Taking It to the MAC

A former waiter sues the Missouri Athletic Club for discrimination

Men's clubs were de rigueur when the Missouri Athletic Club (MAC) opened its doors in downtown St. Louis back in 1903. A cross between a gym and a watering hole, clubs like the MAC allowed the city's elite to mix business with leisure over a stogie or squash match -- in a gilded setting away from the public's prying eye.

In those days, a MAC membership represented somewhat of a coup. There was a waiting list. Applications were reviewed by a membership committee that dismissed the undesirables and weeded out anyone their fellow clubgoers didn't like. The MAC was a whites-only club for nearly half a century and didn't admit a woman until 1989. (Men persisted in swimming nude in the lap pool and retained sole privileges to the other athletic facilities until the early 1990s.) Today it's much easier to join; pretty much all one needs is two sponsors, a clean police record and the initiation fee, which ranges from $600 to $2,000. Memberships cost an additional $1,100 to $3,000-plus.

In search of a revenue infusion in 1992, the club recruited a new general manager, Larry Thompson, former head of the Milwaukee Athletic Club and a lifelong hospitality hand. Thompson worked hard to boost female involvement. Last year, the Club Managers Association of America named Thompson Club Manager of the Year. A meet-and-greet sort who clearly prefers pressing the flesh to holing up in his mezzanine office, Thompson is modest in citing the MAC's gains. He won't share specifics about membership growth, but he is emphatic about one point: "There are probably hundreds of people who pass this club every day in their automobiles and on foot who say, 'What goes on in there? Probably the same old things.' It's not true."

Tracy Gilliland says he was passed up for promotion 
at the MAC and repeatedly groped by a supervisor.
Jennifer Silverberg
Tracy Gilliland says he was passed up for promotion at the MAC and repeatedly groped by a supervisor.

He's referring to frat-boy traditions of old, like one that used to take place the night of board member elections: Candidates would man makeshift booths in the lobby to hustle votes. A dinner followed -- then strippers. One year, about two decades ago, a board member got upset and called the police, according to a former board member who declined to be named in this story. That was the end of the adult entertainment, the ex-board member says.

Thompson wants to make it clear that the elitist playboy antics that once held sway are a thing of the past. "This is a good place to work," he says, wagging a finger. "And I say that not as the general manager. I say that as an employee."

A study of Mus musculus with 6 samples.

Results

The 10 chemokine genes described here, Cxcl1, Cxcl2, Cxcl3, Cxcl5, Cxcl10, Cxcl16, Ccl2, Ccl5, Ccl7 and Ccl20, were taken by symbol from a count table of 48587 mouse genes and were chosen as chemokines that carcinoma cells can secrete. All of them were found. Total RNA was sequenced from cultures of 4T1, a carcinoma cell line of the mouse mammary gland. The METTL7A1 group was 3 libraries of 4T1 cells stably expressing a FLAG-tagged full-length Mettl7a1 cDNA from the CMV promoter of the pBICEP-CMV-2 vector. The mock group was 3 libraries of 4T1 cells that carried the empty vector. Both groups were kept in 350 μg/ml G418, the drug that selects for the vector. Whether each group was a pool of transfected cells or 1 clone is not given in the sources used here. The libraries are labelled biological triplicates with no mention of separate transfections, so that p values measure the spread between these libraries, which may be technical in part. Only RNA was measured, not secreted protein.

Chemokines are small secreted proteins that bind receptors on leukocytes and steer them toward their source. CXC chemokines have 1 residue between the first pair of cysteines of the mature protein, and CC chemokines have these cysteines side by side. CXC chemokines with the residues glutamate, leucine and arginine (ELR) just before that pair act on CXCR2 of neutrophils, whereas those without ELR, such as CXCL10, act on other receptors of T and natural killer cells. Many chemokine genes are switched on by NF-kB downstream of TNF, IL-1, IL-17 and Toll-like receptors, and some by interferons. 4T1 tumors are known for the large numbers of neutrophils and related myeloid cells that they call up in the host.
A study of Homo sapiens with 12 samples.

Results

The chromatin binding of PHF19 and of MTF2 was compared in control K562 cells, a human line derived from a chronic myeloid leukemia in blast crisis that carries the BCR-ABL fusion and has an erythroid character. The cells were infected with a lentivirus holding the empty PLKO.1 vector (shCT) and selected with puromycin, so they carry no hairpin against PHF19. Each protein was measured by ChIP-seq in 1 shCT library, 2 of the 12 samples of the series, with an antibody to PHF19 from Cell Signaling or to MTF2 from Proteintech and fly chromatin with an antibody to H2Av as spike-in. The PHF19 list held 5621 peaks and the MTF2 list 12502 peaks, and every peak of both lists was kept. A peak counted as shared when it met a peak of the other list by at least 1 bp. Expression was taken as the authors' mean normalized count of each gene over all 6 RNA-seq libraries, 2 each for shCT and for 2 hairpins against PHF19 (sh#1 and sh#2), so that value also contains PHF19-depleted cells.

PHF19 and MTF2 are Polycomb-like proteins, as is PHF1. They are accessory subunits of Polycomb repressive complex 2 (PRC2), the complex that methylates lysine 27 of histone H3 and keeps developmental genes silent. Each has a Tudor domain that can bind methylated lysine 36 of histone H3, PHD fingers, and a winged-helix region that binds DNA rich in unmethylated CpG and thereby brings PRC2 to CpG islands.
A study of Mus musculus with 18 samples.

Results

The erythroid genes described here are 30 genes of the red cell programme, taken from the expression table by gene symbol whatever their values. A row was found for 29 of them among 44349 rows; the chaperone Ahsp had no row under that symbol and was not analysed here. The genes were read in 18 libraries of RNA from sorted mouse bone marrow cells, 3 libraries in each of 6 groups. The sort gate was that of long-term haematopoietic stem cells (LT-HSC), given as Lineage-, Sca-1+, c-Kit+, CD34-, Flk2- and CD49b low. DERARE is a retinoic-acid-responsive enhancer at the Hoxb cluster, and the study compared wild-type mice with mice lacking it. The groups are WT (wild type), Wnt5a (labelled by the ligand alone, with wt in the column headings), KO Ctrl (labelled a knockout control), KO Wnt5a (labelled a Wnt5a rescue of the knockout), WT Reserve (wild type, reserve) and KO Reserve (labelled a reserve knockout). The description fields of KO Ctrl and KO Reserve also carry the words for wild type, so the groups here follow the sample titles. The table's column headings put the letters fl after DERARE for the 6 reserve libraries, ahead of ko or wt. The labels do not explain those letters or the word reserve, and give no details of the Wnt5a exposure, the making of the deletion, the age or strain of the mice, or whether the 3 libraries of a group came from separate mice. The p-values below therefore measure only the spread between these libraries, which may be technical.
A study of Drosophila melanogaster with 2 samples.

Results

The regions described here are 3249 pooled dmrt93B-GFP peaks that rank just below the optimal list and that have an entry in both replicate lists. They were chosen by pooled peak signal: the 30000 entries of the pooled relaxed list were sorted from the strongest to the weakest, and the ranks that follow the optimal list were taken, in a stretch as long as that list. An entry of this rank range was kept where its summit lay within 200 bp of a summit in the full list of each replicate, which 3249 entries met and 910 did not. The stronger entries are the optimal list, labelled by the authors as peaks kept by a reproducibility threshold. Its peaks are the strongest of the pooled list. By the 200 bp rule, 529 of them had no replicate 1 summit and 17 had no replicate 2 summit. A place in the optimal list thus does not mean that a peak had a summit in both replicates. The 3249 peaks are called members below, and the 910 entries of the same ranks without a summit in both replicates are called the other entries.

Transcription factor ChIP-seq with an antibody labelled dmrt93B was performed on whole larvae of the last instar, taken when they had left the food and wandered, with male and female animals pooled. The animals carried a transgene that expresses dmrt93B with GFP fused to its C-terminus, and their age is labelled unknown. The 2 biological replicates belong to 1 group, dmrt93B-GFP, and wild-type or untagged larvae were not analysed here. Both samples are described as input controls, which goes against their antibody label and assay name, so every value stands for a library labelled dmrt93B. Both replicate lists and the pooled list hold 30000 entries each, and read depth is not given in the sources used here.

One former staffer, however, disagrees. Ex-MAC waiter Tracy Gilliland has filed a lawsuit in state court in St. Louis claiming he was the victim of gender- and race-based discrimination while working at the club. Specifically, Gilliland alleges that a male supervisor sexually harassed and assaulted him, and that higher-ups passed him over for promotion because he's white.

Gilliland says he took a job at the MAC in 1999 after being sold on the place by the wife of a staffer. The divorced father of two was waiting tables at another downtown restaurant but was seduced by the MAC's proximity to his home, not to mention the club's comprehensive healthcare plan, a boon in the food-service business. "It seemed like a step up," he says today.

Gilliland says he started as a bartender at the MAC, then became a waiter. He was paid about $2 an hour plus a guaranteed 15 percent gratuity on each table during regular meal services, he says. Parties or weddings netted about $9 an hour. His aim was to work his way up to the role of trainer, a maître d' of sorts who can take home three times what servers get.

The MAC's ten-story edifice at 405 Washington Avenue houses two restaurants and numerous banquet rooms. Gilliland worked predominantly on the first floor, where he says he served "local business walk-ins -- lawyers, judges, bankers." He longed for shifts at the fourth-floor restaurant, where "the older crowd" settled in for homemade beef-barley-mushroom soup and fried sole sandwiches; a regular clientele and bigger tables upstairs promised higher earnings.

According to Gilliland's suit, filed in late 2003, "The fourth-floor restaurant is better known to respondent MAC's employees as the 'Blackberry Inn' because only African-American employees are permitted to hold positions there." Gilliland further claims that in December of 2001 he was passed over for a promotion to trainer in favor of a "less-qualified" African-American female with only four weeks' experience at the club, even though supervisors had previously told him he was "next in line" for a trainer position.

Gilliland, who is gay, alleges that the MAC's management failed to respond to his complaints that a married male supervisor, Vince Millen, was sexually harassing him. From the time he began work at the MAC, the suit claims, Millen would grab and pinch his nipples and press into his buttocks and simulate anal sex.

"I'm not a touchy-feely person," says Gilliland, now 40.

Soon after being turned down for the promotion, Gilliland filed a complaint with the city's Civil Rights Enforcement Agency. Nine months later, on November 13, 2002, he amended the claim to include an allegation of sexual harassment at the hands of a supervisor. The lawsuit describes the incident in detail: In early August of 2002, the suit alleges, Miller pinned him against a computer desk from behind, thrust his groin into Gilliland's backside and "[said] he should not be such a 'hard ass' and to just drop his complaint of discrimination."